WILDER, Idaho — Some Treasure Valley farms are optimistic as efforts continue to ensure farmworkers have access to the COVID-19 vaccine. It follows a year of adjustments and adaptations to keep employees safe and prevent interruptions to the food supply.
Terry Reilly Health Services hosted a vaccination clinic in Wilder at Red Top Market, administering more than 250 vaccine doses to local and H-2A farmworkers from cities across the region including Marsing, Parma, Homedale, and New Plymouth.
Agricultural employers say things are looking up after a challenging year.
“Generally in Ag, the markets were really topsy-turvy last year where we saw dairy producers dumping milk, and all of sudden there’s a shortage of milk. The markets were really unstable,” said Diane Gooding, Vice President of Gooding Farms and co-owner of Red Top Market. “We’re looking forward to a more stable market which means more stable job opportunities and activities around the farm because we can plan better.”
Gooding said between 65 to 75 percent of their employees opted to get vaccinated. Gooding said they implemented social distancing and safety policies at the start of the pandemic to prevent the spread of COVID-19 among its employees.
Some of the new policies included distributing hand sanitizers.
“We got through the season and we didn’t lose anybody or have a huge loss of production. Call it lucky but we’re really thankful that we made it through,” Gooding said.
About 11 Ag employers participated in the vaccination clinic. Teunissen Dairy in New Plymouth said a majority of its employees also signed up to get vaccinated.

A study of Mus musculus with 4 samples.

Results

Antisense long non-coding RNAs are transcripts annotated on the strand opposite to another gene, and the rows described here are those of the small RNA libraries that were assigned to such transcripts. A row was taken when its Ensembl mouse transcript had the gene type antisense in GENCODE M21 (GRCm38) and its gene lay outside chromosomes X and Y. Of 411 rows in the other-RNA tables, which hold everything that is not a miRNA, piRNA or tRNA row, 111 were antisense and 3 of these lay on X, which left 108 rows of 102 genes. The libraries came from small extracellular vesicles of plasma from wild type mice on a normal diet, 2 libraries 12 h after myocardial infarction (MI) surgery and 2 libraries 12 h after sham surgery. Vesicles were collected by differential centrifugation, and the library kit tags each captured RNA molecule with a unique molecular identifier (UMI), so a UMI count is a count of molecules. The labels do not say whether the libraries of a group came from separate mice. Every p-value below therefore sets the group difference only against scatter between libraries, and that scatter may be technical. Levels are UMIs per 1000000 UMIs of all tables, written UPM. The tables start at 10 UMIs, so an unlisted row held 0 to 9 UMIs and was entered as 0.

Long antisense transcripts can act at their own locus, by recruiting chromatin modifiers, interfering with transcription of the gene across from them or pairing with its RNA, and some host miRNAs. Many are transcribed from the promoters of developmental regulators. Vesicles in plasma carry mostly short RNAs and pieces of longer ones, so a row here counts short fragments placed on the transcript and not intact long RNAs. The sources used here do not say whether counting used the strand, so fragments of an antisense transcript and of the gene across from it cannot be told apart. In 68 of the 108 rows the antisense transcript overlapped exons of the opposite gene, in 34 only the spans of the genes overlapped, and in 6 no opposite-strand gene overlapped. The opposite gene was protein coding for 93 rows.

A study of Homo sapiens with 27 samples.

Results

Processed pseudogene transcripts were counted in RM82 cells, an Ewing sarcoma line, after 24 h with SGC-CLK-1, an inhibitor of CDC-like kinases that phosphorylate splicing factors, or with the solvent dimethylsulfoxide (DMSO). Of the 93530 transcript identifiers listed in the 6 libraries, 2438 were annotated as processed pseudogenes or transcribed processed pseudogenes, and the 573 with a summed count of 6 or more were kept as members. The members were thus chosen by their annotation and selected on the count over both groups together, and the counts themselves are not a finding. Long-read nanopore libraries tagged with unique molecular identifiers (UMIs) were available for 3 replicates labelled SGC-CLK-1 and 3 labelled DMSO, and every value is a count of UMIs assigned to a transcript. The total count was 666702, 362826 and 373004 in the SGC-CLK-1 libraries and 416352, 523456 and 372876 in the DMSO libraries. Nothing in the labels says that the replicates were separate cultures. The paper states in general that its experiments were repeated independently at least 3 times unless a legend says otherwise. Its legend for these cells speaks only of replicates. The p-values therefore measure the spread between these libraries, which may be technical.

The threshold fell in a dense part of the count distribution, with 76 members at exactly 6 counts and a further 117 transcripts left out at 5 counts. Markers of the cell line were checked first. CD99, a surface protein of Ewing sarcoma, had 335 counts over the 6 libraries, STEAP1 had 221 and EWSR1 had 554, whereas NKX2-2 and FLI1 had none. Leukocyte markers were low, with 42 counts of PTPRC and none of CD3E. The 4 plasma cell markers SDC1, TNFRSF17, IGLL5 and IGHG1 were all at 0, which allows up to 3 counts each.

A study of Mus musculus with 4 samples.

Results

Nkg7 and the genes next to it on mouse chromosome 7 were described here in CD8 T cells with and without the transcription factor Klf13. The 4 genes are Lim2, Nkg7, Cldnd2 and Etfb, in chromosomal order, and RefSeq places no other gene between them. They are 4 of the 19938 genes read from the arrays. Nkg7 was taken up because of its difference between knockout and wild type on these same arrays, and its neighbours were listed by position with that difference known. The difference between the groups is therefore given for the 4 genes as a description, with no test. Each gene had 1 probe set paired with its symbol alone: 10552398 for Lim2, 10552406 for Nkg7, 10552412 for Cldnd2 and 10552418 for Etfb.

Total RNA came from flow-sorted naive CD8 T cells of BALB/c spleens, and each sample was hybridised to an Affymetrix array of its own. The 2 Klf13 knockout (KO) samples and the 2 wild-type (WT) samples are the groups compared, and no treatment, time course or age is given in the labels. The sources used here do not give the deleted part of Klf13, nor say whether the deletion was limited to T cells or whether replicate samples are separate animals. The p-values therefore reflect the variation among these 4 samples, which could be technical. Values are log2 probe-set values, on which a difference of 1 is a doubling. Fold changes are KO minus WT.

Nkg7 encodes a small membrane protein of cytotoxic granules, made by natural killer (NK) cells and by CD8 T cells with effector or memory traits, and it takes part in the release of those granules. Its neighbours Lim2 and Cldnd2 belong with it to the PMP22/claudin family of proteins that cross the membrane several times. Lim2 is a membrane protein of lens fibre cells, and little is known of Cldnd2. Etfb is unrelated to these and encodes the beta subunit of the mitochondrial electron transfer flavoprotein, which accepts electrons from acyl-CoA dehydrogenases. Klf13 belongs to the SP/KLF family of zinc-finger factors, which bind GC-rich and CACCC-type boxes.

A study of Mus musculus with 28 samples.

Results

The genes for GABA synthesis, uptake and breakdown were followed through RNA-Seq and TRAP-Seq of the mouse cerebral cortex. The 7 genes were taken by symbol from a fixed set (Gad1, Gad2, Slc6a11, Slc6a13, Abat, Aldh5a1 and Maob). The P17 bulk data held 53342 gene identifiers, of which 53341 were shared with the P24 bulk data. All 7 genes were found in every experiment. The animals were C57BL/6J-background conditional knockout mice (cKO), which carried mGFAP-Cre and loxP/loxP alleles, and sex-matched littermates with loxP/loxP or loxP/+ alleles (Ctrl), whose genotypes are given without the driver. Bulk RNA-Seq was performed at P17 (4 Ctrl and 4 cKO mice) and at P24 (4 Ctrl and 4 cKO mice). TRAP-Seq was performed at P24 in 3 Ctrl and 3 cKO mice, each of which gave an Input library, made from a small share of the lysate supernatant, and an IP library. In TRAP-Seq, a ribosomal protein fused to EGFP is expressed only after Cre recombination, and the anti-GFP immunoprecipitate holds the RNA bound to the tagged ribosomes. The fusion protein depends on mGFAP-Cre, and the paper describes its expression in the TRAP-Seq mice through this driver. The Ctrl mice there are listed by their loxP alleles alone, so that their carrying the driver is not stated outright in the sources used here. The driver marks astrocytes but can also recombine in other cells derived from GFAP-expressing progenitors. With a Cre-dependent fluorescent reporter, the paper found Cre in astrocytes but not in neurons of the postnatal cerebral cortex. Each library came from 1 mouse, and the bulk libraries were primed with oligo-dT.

Brooke Teunissen maintains the dairy's office and employee management services and said they saw their first case of COVID-19 among one of its employees six months after the pandemic hit. She said following safety protocols prevented them from seeing more cases.
“We didn’t have many interruptions with employees getting sick. I think that’s due to what we did to help diminish that cause to have coronavirus in our dairy by social distancing and wearing masks,” Teunissen said.
Vaccinations are part of that on-going effort as we head into a new season. Teunissen said the pandemic highlighted how important the Ag workforce is.
“I think it kind of gave this whole broader perspective to everybody that we can’t survive without agricultural workers. They help with our bread and butter that we put on our table. I think it definitely helped people realize our food comes from somewhere and those people are still working every single day to make sure that they can be supplied,” she said.
Araceli Perez, a farmworker in Wilder, told Idaho News 6 in Spanish that getting vaccinated gave her peace of mind by feeling protected at work and out being out in the communities.
Not only did hundreds of farmworkers receive the Johnson and Johnson COVID-19 vaccine during the vaccination effort, St. Vincent de Paul and the Community Council of Idaho also provided them with masks and food donations.